The Obama administration announced a moratorium on coal-leasing on federal lands last week, adding further strain to an industry that is undergoing a possibly irreversible downturn.

Mead Gruver/AP
The Belle Ayr Mine near Gillette, looms over a northeastern Wyoming coal town where the owner has filed for Chapter 11 bankruptcy and worries about the local economy run high, Thursday. The coal industry has been hit hard by bankruptcies, new pollution rules, and the decline of a once-promising export market, and now, the federal government’s blocking of new coal sales has left people in places like Gillette, in a rare mood: pessimistic.

The US coal industry has been in decline for years, a high-profile victim of federal efforts to limit American greenhouse gas emissions, and a new moratorium on new leases for coal mined on federal lands is crystallizing for many coal towns around the country that the historically boom-and-bust industry may be entering a prolonged slump.

Interior Secretary Sally Jewell announced the moratorium on Friday, saying it was time to review the decades-old leasing program for a variety of reasons, from the environmental and health impacts of coal burning to whether Americans are getting fair return on the sales.

"It is abundantly clear that times are different in the energy sector now than they were 30 years ago," Secretary Jewell said in a conference call with reporters, The Washington Post reported. "We must undertake a review, and that’s what we need to do as responsible stewards of the nation's assets."

The US coal industry has been besieged on several fronts, facing economic pressure from cheaper, cleaner fuels like natural gas and regulatory pressure from a federal government seeking to limit greenhouse gas emissions. Some of America's largest coal companies have filed for bankruptcy in the past two years, and communities that have long relied on the industry are beginning to seriously prepare for a post-coal future.

President Obama's efforts to reduce US greenhouse gas emissions have taken a particular toll on the coal industry. His Clean Power Plan, a suite of regulations implemented last year, targets coal-burning power plants specifically with strict emissions reduction requirements.

The leasing program is the newest target for reform. The program has been criticized for years, allowing mining companies to access vast quantities of coal for pennies per ton, mostly in western states. The moratorium will last for three years while the Interior Department reviews the program.

The Powder River Basin in Wyoming and Montana, which has so far managed to endure the industry's ups and downs, may struggle during the moratorium. The region supplies about 40 percent of America's coal, and the sudden idling of the massive strip mines represents an alarming turn for communities that have relied on the industry not just for jobs, but for some of their core functions.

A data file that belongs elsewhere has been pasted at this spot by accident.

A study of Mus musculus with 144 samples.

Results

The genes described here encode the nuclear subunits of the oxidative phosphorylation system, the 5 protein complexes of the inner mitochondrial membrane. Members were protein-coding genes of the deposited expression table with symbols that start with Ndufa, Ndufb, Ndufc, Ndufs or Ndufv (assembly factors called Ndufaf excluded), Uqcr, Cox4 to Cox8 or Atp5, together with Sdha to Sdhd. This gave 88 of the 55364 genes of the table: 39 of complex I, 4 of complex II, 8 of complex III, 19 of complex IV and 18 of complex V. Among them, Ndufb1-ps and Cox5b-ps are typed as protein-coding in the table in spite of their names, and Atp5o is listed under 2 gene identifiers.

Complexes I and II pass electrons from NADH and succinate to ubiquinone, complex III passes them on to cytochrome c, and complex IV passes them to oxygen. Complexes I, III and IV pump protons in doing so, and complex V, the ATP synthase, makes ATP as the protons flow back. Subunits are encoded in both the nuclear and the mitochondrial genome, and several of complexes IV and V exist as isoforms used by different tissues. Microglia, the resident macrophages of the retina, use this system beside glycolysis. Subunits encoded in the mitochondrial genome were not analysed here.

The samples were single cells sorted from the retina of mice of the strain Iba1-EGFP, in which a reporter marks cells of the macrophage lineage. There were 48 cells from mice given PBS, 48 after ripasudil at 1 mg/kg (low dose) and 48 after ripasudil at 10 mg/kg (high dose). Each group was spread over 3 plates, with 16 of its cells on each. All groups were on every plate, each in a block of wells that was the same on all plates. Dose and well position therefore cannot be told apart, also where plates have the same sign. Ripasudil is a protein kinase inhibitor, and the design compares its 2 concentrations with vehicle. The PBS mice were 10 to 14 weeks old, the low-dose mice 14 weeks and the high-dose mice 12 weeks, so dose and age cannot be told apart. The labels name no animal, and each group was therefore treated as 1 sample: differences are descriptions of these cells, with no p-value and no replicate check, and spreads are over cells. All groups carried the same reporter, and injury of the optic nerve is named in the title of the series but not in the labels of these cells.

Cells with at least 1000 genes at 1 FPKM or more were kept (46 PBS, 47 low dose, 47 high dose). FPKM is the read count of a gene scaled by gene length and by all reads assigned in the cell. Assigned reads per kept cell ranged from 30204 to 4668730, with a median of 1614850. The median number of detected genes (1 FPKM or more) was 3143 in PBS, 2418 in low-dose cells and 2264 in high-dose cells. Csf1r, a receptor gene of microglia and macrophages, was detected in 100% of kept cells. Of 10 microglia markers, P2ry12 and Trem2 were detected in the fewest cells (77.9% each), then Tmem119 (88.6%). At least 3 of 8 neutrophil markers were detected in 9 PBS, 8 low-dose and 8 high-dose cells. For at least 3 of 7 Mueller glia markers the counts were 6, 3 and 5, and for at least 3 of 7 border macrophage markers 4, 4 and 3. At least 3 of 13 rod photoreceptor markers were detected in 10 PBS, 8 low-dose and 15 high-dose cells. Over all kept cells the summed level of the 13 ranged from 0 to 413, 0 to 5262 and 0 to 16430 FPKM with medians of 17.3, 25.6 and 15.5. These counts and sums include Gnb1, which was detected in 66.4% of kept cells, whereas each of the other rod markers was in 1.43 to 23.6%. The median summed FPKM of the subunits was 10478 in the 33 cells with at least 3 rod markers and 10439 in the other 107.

In the town of Gillette, Wyo., the industry has brought thousands of jobs as well as top-of-the-line schools and a $53 million recreation center. Even non-mining businesses around town are suffering.

"All these rules and regulations just make it harder to conduct business," Susan Doop, owner of a local alternative therapy business, told the Associated Press. "Everything [Mr. Obama] does to make it more costly to do business makes it harder. People are losing their jobs."

Robert Godby, director of the Center for Energy Economics and Public Policy at the University of Wyoming in Laramie, said the twin pressures of market conditions and new regulations has crippled the coal industry, perhaps permanently.

The leasing moratorium, he added, represents "more nails in the coffin. I don't want to say they’re already dead, but you get the idea."

While the moratorium is expected to mostly impact western states, coal towns in Appalachia have been adapting to the decline of coal for years now.

Duane Miller, deputy director of an economic development agency in southwestern Virginia, told The Christian Science Monitor in November that the region has started to look at how to fill the sizable hole left in its economy by the decline of coal.

"Traditionally, when we've had these downturns it's always come back," he said. "We've tried to re-educate a lot of people to say, 'Yes it may come back in one form or another, but we really need to start looking at other opportunities and other industries that we can bring into the area.' "

This report contains material from the Associated Press.